Two days later, the Journal harshly criticized Education Secretary-designate Christopher Ruszkowski for failing to appear at that hearing and urged him to listen to the concerns.
It turned out he did listen. In fact, his department sent out emails to local reporters within 24 hours of the hearing – and the night before the editorial appeared – saying he was deleting PED’s proposed changes that had drawn the harshest criticism: those addressing climate change, evolution and the age of the Earth.
That was a huge step in the right direction.
Unfortunately, the editorial, which was written earlier in the day, did not reflect those changes.
Now – more than a week later and after dozens more emails, letters and in-person comments to PED staff – it’s time to decide what’s more important:
– Adopting the highly regarded Next Generation Science Standards (NGSS) with the remaining PED revisions, or something close to that
– Or fighting just for the sport of it.
In the fifth-largest state in the nation, one that has a diverse population, three research universities and three national labs, where science education is critical to our kids’ futures, there’s no option but the first.
Ruszkowski says that while the formal process is over, he’s still listening. He wants to have a dialogue with those who support the remaining revisions and those who want “NGSS or bust” – to reach a final compromise. On Tuesday, he made it clear more adjustments could be forthcoming, but the bottom line is to deliver high science standards to New Mexico students, teachers and classrooms.
That’s the right answer, and one it would have been nice to hear during the hearing Oct. 16. His absence left many feeling their concerns were not a PED priority.
Ruszkowski maintains his attendance at the seven-hour hearing would not have changed the outcome, that he monitored the hearing closely, that he trusts the process and his staff, and the results bear that out – PED made key changes the speakers unanimously asked for.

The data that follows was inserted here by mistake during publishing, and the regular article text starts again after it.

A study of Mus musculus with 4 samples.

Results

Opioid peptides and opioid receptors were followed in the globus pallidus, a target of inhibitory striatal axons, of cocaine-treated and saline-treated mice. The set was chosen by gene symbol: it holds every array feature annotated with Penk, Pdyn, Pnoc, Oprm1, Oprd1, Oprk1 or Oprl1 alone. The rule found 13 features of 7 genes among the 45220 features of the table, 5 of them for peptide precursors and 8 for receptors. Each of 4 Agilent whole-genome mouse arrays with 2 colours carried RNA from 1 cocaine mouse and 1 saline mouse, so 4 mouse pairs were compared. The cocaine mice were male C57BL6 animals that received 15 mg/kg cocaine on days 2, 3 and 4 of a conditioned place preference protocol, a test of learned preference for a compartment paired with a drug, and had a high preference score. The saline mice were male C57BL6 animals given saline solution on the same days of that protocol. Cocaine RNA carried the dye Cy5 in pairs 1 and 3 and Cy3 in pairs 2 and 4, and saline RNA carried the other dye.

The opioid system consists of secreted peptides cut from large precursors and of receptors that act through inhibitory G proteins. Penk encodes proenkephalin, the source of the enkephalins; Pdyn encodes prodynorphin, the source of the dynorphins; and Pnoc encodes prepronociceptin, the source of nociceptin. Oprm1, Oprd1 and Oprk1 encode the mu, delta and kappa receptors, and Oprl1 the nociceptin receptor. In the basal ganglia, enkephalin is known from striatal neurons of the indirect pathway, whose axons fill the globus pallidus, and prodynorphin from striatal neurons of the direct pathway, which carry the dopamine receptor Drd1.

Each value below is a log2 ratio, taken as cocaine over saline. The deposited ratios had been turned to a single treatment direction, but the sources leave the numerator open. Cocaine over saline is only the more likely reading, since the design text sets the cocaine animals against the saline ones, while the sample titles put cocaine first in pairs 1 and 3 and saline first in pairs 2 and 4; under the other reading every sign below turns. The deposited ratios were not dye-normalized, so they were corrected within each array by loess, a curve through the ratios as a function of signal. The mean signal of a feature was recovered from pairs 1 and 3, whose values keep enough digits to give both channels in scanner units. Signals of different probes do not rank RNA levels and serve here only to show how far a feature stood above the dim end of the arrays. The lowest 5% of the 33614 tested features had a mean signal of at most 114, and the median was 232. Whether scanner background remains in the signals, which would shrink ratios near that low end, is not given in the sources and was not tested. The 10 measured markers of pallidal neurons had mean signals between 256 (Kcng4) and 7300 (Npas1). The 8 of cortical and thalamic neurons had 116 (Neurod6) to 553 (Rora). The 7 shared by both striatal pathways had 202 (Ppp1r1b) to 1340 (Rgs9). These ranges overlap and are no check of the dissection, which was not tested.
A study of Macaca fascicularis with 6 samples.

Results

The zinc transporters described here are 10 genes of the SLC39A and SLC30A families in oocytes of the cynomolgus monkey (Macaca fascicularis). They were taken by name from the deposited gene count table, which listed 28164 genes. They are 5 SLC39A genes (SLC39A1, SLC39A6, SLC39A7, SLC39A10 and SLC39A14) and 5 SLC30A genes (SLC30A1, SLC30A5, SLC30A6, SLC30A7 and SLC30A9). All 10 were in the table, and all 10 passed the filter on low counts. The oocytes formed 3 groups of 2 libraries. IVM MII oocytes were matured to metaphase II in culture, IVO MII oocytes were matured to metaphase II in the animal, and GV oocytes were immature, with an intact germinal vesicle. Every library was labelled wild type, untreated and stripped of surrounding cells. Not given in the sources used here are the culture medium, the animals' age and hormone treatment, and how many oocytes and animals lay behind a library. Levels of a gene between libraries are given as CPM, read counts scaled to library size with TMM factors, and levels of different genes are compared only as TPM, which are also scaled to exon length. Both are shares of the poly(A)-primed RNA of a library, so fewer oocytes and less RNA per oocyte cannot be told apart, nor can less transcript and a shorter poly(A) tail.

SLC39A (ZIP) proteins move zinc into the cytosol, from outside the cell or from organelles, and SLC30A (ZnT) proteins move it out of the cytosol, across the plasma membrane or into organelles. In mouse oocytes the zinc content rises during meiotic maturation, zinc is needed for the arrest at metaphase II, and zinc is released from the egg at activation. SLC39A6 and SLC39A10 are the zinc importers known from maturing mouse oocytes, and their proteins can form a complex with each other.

Ruszkowski has said “stakeholders” helped craft the revisions, and Tuesday he said those stakeholders include New Mexico teachers, superintendents, school board members and legislators. He said that unlike states that started with a blank page, New Mexico started with NGSS and proposed revisions after listening to folks from Hobbs to Los Alamos and “taking inspiration” from changes made to NGSS in Michigan, Wyoming, Louisiana and Kentucky.
Some critics don’t like revisions that add New Mexico-themed lessons into the standards. But those changes could make the lessons more interesting and relevant for New Mexico students.
And while critics have voiced concern PED has removed the NGSS framework – which provides guidance on how to teach the standards – Ruszkowski says that is a simple process misunderstanding. He says PED must first adopt the standards to know what frameworks are appropriate. His team has “always intended to adopt the full framework” once the standards are in place. He says a framework website is ready to launch.
Could PED have handled the controversy better? Absolutely. But Ruszkowski is right when he says at the end of the day, “Democracy belongs to those who show up, and those who showed up were unanimous.” PED listened and acted in response to that unanimity.
The NGSS were published in 2013 by a consortium of states and the National Academy of Sciences. They have been adopted by 18 states and the District of Columbia. The unrevised standards have received widespread support in New Mexico.
Right now, controversy over what PED says are only seven remaining revisions stands in the way of New Mexico adopting high science standards for K-12. It’s time to move forward. And that’s not rocket science.
This editorial first appeared in the Albuquerque Journal. It was written by members of the editorial board and is unsigned as it represents the opinion of the newspaper rather than the writers.